In this study, researchers analyzed the CD4+ T-cell responses to spike peptides from severe acute respiratory syndrome coronavirus 2 SARS-CoV-2 and 3 common cold coronaviruses (CCCs) before and after vaccination with Pfizer or Moderna messenger RNA (mRNA) coronavirus disease 2019 (COVID-19) vaccines to determine if the vaccine may be able to confer a T-cell response to SARS-CoV-2 variants and some endemic CCCs.

Study participants included 30 healthy individuals who had not tested positive for COVID-19. They were vaccinated with either the Pfizer-BioNTech (BN162b2) or Moderna (MrNA-1273) mRNA COVID-19 vaccines. Some experiments were performed on smaller numbers of subjects for whom sufficient numbers of cells were available.

Blood samples were studied to compare and quantify the frequency of virus-specific T cells before and after vaccination. Virus-specific T-cell responses to 3 CCCs (human coronavirus 229E, human coronavirus NL63 (HCoV-NL63), and human coronavirus OC43) were compared before and after vaccination. In the study, the researchers also compared antigen-specific T-cell responses of spike peptides from HCoV-NL63 and SARS-CoV-2. Finally, individual spike peptides targeted by CD4+ T cells were mapped and assayed so that distinct target peptides could be identified. The authors then determined if these spike peptide motifs were present in various coronaviruses, including 2 known COVID-19 variants: UK (B.1.1.7) and South African (B.1.351).

The vaccines elicited a strong T-cell response against SARS-CoV-2, with a 74-fold increase in spot-forming units after vaccination. There was also an observed increase in T-cell response to HCoV-NL63, with a 3-fold increase in spot-forming units after vaccination. The results were similar when comparing the T-cell response to specific spike peptides of SARS-CoV-2 and HCoV-NL63 after vaccination: a 15-fold and 6.75-fold increase, respectively, in T cells coexpressing interferon γ and tumor necrosis factor α. Finally, the authors mapped 23 distinct peptides targeted by CD4+ T cells, one of which was conserved in many coronaviruses, including the ancestral COVID-19 virus and the B.1.1.7 and B.1.351 variants.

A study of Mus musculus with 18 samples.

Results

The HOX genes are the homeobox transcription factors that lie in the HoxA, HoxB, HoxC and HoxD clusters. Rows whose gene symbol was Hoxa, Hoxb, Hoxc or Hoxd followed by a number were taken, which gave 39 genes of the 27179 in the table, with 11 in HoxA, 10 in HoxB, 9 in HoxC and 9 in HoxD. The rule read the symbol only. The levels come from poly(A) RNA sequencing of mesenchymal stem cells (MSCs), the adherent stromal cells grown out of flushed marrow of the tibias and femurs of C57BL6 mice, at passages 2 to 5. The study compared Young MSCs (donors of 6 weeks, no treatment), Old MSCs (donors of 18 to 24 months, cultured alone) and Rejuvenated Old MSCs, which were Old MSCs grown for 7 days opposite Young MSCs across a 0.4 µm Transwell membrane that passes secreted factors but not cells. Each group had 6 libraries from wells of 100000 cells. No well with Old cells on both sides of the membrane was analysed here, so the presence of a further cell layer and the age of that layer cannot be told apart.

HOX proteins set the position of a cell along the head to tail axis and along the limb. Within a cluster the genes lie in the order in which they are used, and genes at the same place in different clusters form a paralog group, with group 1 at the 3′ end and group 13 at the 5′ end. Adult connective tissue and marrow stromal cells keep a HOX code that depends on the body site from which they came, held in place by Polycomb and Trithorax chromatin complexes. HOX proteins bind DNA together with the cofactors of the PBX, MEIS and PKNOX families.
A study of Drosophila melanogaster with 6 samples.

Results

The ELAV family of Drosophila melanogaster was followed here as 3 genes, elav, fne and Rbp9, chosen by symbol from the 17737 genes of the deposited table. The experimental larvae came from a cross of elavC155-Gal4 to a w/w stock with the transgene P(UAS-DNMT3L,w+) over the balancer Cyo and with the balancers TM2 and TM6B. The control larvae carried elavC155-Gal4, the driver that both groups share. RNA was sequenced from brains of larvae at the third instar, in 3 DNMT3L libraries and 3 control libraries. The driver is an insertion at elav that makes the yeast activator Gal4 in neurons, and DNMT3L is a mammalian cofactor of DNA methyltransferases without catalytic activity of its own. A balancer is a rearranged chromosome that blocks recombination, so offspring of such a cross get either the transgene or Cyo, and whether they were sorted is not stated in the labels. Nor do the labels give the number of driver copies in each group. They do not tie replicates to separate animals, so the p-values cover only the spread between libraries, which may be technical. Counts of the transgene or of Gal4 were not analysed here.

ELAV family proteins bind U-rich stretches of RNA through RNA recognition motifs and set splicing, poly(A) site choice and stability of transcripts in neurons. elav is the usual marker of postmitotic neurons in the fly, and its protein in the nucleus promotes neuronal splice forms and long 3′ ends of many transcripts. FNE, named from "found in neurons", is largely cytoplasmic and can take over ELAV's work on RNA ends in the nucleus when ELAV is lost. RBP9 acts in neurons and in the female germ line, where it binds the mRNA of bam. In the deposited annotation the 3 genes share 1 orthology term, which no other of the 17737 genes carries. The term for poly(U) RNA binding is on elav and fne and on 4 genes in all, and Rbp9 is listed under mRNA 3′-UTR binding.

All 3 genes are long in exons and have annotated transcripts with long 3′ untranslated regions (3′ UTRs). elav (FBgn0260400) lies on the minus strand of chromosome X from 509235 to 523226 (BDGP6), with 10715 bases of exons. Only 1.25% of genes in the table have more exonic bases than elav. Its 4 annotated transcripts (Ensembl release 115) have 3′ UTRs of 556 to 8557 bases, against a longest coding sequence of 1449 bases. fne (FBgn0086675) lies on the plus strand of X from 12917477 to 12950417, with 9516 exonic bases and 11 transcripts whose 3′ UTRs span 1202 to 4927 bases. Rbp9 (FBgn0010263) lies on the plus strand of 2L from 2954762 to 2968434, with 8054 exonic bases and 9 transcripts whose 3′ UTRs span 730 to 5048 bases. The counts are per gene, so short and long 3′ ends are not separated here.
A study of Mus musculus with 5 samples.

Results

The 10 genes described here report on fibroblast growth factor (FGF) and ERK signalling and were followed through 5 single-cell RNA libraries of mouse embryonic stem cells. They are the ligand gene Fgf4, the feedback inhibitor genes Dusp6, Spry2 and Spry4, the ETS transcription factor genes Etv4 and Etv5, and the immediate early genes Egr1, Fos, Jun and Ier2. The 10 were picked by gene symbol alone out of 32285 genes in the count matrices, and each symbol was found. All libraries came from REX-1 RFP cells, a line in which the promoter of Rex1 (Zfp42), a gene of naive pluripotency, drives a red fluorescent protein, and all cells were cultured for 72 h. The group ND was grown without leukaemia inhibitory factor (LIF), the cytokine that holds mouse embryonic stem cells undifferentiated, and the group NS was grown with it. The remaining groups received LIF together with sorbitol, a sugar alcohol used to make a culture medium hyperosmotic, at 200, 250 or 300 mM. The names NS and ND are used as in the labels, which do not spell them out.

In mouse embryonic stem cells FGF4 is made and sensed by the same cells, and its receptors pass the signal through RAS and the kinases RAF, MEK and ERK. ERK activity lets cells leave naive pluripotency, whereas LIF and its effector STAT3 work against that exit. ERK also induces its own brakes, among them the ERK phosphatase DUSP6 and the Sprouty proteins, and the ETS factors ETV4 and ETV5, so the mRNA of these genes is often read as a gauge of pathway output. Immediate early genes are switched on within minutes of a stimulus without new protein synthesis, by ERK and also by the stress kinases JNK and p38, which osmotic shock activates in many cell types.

The Pfizer-BioNTech (BN162b2) and Moderna (MrNA-1273) mRNA COVID-19 vaccines elicit strong T-cell responses to SARS-CoV-2. The vaccines elicited a significant increase in the response to HCoV-NL63, a common cold coronavirus, as well. The data, overall, suggest that the mRNA vaccines may provide protection against SARS-CoV-2 as well as some other common cold coronaviruses. The data also suggest that vaccine-elicited CD4+ T cells should recognize some of the widely circulating COVID-19 variants.

With this study, the authors offer insight into the protection offered by the Pfizer and Moderna COVID-19 mRNA vaccines against COVID-19, its variants, and possibly common cold coronaviruses. This is important for the general pediatrician to understand as more children become eligible for vaccination against COVID-19. Therefore, it may be reasonable to educate parents on the positive implications of vaccination against COVID-19 and how vaccination may confer crossprotection against some COVID-19 variants and some common cold viruses.